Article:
By ending cohorting, Bright Yellow mode gives seniors the chance to end their Potomac careers as the on-campus leaders

Isabel Engel and Billy Marin

On March 5, the senior administrative team broke the news that, as of April 5, three grades will be on campus each week, in a move to be named the “Bright Yellow” mode of hybrid learning. With the change, seniors will spend every day on campus in the month of April before they leave to pursue their final senior projects. While this plan will, of course, benefit all students with more on-campus time in the spring, it primarily affects the Class of 2021 whose senior year has been far from normal. 

Cohorted with the junior class, seniors have never been on campus with freshmen and have been isolated from sophomores since last March. The chance to mix with the freshman and sophomores in Bright Yellow mode was a main motive for the move. 

“It has always been my hope, and it’s felt like an impossible dream, to get the seniors to have the experience to interact with underclassmen because that interaction is one of the most wonderful traditions and aspects of this community,” said Upper School head Doug McLane. 

Seniors, who have missed much of their last year on campus, are thrilled to end their Potomac experience with a month of on-campus learning. Senior lifer Maya Sardar exclaimed, “I’m really excited for this schedule change. Although it’ll be hard transitioning from Yellow mode to every day in person, I’m looking forward to it because it’s the last of my 12 years here. I’ve missed this place.’

Ninth grade dean Jake Westermann reiterated Mr. McLane’s desire to facilitate interactions between under and upperclassmen interactions this spring. Seniors being on campus will have benefits for the freshman, who have not yet been able to take part in so many aspects key to the Potomac experience. 

“It’s really important to me that freshmen get to experience the senior class. I think there’s a lot of value in ninth-graders getting to look up to the senior class, because it is a way for freshmen to see everything this school has to offer, and build back that sense of community that’s kind of been missing this year,” he said. 

With an invigorated sense of community, the seniors will be able to assume a place of leadership not possible amidst the pandemic thus far. 

“To be able to finish their choppy high school journey as the leaders of the upper school, with underclassmen on campus at the same time, is something that every senior class has. This gives the seniors the opportunity to really fill that role as leaders for their last couple of weeks,” Mr. McLane said. 

Those leadership roles, from club leaders to team captains, are essential elements of student life in the Upper School that allow all community members to get involved in a wide array of activities.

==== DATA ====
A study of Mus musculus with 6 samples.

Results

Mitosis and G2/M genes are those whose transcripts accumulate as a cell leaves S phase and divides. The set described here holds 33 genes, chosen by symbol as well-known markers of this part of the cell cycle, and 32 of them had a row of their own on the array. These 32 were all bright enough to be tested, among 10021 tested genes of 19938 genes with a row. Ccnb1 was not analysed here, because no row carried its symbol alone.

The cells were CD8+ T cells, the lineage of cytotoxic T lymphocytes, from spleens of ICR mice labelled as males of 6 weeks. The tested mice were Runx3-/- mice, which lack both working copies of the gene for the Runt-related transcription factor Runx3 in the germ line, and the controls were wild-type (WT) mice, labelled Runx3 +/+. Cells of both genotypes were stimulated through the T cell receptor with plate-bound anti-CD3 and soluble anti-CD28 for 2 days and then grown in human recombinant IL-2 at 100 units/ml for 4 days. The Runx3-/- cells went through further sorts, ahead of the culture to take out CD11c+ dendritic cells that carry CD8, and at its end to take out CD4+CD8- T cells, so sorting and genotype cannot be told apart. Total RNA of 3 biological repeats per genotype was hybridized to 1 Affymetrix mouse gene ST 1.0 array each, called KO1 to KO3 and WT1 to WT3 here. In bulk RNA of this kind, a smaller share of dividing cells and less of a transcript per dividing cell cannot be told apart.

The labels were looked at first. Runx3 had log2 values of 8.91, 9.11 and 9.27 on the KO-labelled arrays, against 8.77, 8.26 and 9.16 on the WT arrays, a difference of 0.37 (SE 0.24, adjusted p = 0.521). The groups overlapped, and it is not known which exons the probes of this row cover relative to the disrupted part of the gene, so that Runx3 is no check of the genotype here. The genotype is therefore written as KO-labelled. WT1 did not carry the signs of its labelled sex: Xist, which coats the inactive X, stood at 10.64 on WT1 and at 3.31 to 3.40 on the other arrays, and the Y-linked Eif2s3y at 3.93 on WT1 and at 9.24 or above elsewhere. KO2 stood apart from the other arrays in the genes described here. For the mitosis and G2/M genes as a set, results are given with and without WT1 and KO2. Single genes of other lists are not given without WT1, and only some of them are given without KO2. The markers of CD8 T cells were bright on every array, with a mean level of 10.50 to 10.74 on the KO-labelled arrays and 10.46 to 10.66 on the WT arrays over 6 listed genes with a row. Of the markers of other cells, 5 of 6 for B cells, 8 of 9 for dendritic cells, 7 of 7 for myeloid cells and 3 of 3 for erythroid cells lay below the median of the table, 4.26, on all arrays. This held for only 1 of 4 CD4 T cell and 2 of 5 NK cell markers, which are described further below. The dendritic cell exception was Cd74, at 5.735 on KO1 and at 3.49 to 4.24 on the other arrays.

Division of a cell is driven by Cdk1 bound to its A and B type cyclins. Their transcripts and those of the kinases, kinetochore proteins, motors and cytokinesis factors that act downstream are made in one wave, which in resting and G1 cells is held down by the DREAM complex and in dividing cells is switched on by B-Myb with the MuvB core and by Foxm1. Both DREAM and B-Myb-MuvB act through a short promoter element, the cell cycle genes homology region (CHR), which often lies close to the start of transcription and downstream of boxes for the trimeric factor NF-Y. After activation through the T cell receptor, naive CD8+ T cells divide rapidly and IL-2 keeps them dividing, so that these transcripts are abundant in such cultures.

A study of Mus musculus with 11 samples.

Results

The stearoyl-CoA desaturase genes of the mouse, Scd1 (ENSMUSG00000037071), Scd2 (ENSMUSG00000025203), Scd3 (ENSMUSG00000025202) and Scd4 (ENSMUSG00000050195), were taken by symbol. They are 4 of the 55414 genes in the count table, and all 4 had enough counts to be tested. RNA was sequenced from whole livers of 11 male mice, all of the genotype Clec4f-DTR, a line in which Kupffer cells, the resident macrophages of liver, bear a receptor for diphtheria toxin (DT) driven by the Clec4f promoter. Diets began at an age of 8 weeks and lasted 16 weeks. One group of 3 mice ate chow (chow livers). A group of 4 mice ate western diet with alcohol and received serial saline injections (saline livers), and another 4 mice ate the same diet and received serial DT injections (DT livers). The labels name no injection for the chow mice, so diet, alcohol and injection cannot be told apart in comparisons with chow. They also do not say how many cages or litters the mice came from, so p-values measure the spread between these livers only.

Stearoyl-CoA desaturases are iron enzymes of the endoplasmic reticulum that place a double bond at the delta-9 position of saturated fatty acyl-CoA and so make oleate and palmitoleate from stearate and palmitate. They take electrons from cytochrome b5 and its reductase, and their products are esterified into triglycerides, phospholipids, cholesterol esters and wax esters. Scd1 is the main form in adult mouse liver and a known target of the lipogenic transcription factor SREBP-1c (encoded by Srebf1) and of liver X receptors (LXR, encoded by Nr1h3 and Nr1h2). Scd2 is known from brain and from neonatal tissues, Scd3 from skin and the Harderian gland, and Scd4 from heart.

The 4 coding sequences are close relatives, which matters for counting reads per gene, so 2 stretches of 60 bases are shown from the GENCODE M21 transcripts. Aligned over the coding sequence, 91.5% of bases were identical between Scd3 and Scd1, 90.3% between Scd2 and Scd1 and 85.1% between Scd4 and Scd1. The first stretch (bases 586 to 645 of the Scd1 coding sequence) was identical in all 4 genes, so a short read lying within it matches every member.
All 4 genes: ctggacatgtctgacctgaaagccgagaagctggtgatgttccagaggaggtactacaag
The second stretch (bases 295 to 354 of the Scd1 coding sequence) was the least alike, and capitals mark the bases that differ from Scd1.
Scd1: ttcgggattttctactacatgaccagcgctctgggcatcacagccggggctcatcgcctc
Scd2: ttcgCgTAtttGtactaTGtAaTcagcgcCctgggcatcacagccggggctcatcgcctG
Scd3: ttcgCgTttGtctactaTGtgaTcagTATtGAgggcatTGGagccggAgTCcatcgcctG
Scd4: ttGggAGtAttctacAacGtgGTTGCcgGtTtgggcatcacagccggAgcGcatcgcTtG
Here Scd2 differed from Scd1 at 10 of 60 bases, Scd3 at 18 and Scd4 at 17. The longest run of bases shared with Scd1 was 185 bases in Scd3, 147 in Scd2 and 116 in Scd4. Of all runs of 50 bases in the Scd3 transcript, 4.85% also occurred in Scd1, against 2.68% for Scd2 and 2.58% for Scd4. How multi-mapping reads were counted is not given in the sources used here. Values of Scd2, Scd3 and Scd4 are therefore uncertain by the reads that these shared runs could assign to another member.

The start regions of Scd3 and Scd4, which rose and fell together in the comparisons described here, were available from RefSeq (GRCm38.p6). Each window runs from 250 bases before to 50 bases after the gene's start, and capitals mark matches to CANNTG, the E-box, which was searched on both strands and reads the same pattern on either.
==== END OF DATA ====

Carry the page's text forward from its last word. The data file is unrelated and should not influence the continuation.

“All these parts of the community that are led by seniors, The Current, Phoebus, The Investment Club, all of these things that are really senior initiatives, freshmen haven’t really gotten to see that,” Mr. Westermann added. 

The Class of 2021, undeniably excited at the prospect of more on-campus time, also values the inter-grade connections that have been largely missing this academic year. Senior captain Evelina Swigart emphasized that it is the interactions between seniors and underclassmen that build our school community. 

“There are a lot of things I think that have been missing this year, and a big one was the sense of community that comes from being the oldest people on campus. Seeing freshmen, whether it’s on sports teams, in the classroom, or just in the hallways, and beginning to build those friendships across grades was a super important thing that as an underclassman I always looked forward to,” Evelina said. 

Another senior captain, Elie DeLaVille, echoed Evelina and talked about the importance of leadership in forming a strong community. As a four-year Potomac athlete, he has watched and admired senior athletic leaders and was excited to play that same role. 

“Having the younger guys on campus is so big for the community because those connections, where seniors are role models and the people the underclassmen want to be, are such a valuable part of the Potomac experience. I remember the guys I looked up to when I was a freshman, and getting the chance to be that guy as a senior was an opportunity I’m sorry I missed,” he said. 

While having three grades on campus will by no means fix the difficult, disconnected year for the Potomac community, and the world at large, interactions between seniors and underclassmen will go a long way in rebuilding much of what has been lost since COVID-19 hit a year ago. Some semblance of normalcy is all the Class of 2021 has been seeking. 

“I think normal isn’t possible, but if there is a way that the senior class can have some kind of routine with being together for their last four weeks on campus, that would be really valuable and important,” said Mr. McLane.